The menu for Dish Network's AutoHop commercial-skipping feature. (Associated Press )
Dish Networks landed the first punch in its fight against broadcasters ABC, CBS, Fox and NBC over whether its new ad-skipping feature called AutoHop is legal.
Wednesday, a federal court judge in New York granted Dish Network's request for a temporary restraining order preventing Fox and other networks from trying to advance their claims against the satellite television provider in lawsuits that were separately filed last week in Los Angeles.
Dish, which had filed its own suit hours earlier in New York, asked that the networks be prevented from separately pursuing their litigation in California until U.S. District Judge Laura Taylor Swain decides whether all of the court cases should be consolidated.
Swain scheduled a hearing for July 2 to consider that request.
Dish also asked the judge to slap Fox, the first network to file suit, with a temporary restraining order because the News Corp.-owned network had petitioned the courts for "extraordinary relief" so the case would be heard in California.
"This dispute belongs in New York," Dish said in its filing.
Although ABC has not yet filed suit against Dish, the other networks had hoped the high-stakes showdown would play out in Los Angeles, which falls in the 9th Circuit Court of Appeals, rather than in the 2nd Circuit in New York. The 9th Circuit has looked more favorably on TV network claims of copyright infringement.
Dish Network, however, was the first to file its suit May 24 -- before the three networks lodged their complaints in Los Angeles. The satellite TV provider, which is based in Englewood, Colo., selected New York, in part, because of a ruling several years ago that could buttress Dish's position that its AutoHop feature does not violate the networks' copyright.
In 2007, the U.S. 2nd Circuit Court of Appeals ruled in a dispute between cable operator Cablevision Systems and Cartoon Network, owned by Time Warner Inc.
In that case, a group of film and television companies sued the cable provider for copyright infringement over a “remote storage” digital video recorder that allowed customers who did not have a stand-alone device to record shows for later viewing on Cablevision's hardware.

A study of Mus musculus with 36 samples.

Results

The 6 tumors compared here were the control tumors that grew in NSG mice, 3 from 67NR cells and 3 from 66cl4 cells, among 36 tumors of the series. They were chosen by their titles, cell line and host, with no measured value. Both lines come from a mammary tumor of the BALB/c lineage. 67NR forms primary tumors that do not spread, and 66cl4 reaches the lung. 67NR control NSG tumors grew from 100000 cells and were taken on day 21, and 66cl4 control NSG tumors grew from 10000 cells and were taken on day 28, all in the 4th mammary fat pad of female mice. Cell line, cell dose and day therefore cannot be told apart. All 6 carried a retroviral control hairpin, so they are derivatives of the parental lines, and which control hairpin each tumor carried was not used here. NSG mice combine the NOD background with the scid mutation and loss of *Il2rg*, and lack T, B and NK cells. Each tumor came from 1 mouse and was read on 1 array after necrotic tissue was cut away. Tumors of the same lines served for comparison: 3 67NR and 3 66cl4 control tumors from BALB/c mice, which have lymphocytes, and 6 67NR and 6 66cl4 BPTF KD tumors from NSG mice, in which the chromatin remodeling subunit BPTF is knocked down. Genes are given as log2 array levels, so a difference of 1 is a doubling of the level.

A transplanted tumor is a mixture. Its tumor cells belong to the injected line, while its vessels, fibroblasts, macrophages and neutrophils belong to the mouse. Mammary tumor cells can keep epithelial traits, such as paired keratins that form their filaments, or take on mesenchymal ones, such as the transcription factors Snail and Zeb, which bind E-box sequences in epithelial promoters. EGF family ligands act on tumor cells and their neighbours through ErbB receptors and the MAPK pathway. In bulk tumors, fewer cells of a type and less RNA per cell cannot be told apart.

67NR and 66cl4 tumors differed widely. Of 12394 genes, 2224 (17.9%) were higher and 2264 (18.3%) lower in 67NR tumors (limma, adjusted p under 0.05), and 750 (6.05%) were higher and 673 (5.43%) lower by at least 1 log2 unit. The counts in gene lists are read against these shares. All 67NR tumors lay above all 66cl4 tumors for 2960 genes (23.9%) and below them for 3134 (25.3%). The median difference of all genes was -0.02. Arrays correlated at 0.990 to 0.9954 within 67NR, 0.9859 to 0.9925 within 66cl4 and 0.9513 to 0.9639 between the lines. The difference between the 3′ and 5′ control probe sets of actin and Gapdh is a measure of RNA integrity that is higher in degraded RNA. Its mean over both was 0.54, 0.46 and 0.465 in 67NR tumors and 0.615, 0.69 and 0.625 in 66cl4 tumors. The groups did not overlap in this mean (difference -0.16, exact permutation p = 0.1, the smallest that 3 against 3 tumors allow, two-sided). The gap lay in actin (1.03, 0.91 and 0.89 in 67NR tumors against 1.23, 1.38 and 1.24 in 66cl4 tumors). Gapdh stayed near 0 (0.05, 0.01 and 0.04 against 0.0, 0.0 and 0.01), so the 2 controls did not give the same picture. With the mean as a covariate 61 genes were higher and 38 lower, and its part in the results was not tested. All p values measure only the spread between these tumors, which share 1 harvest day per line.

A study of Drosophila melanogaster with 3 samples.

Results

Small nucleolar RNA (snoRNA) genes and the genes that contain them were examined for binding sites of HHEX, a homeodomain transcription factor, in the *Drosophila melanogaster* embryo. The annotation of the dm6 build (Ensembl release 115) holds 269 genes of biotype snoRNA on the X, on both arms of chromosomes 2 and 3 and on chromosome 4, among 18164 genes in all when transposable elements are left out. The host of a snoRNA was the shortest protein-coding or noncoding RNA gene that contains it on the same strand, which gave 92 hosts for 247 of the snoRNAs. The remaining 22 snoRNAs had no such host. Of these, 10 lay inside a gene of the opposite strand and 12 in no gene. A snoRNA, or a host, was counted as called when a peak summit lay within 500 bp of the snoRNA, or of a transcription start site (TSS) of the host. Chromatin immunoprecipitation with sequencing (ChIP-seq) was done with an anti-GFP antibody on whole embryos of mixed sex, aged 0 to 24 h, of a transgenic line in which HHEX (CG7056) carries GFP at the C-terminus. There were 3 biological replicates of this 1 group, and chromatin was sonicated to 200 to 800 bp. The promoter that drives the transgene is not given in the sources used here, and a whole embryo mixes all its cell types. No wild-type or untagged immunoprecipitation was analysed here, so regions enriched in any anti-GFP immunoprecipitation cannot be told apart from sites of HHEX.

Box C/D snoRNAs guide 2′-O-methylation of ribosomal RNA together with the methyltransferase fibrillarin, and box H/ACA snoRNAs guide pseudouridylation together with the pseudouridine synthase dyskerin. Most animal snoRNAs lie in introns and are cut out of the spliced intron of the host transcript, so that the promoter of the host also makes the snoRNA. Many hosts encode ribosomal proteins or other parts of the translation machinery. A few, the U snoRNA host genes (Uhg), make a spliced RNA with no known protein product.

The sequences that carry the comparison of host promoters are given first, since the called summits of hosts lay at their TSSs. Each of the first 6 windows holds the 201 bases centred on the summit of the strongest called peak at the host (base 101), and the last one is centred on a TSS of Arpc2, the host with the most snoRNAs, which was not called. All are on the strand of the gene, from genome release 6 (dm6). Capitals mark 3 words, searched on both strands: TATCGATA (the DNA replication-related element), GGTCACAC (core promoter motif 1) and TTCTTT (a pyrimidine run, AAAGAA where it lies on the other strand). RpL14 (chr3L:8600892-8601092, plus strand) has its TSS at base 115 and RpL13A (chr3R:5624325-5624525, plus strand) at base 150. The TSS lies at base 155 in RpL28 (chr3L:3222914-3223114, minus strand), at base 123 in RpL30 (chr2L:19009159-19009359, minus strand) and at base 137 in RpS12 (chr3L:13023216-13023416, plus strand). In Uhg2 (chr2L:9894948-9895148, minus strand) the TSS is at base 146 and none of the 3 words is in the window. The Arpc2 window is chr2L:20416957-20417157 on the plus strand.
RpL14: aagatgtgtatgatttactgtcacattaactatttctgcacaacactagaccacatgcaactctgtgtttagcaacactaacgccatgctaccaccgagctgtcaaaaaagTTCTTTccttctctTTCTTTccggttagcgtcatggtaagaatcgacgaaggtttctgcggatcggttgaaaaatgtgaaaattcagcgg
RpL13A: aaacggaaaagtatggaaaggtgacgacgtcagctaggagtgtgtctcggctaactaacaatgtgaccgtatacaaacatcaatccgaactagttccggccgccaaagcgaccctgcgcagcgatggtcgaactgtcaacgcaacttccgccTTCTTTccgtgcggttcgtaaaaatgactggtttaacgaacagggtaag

The trial court judge ruled in favor of the studios – and ordered Cablevision to stop operating the system until it obtained a license from the content holders. But the appeals court overruled that decision.
Dish welcomed Swain's action Wednesday.
“We’re pleased that the New York federal court has entered a [temporary restraining order] against Fox until the New York court decides whether the suits filed by Fox, CBS and NBC in California should be enjoined in favor of Dish's suit in New York,” Dish General Counsel R. Stanton Dodge said in a statement. “Dish looks forward to presenting its case and prevailing on the merits.”
Fox, for its part, also released a statement: "We look forward to making our case in court against Dish for copyright infringement and breach of contract."
Dish customers with the device, which rolled out May 10, can record all of the prime-time TV programming on ABC, CBS, Fox and NBC for later viewing. Then when a commercial break appears, the screen goes black, and a few seconds later the program returns -- minus the ads. The feature becomes available the day after the programming first airs.
The AutoHop feature is available only to skip commercials in broadcast programming -- not cable network shows.
The outcome of the skirmish could influence what features will be available to consumers on their TV devices, as well as the price they pay for their monthly service.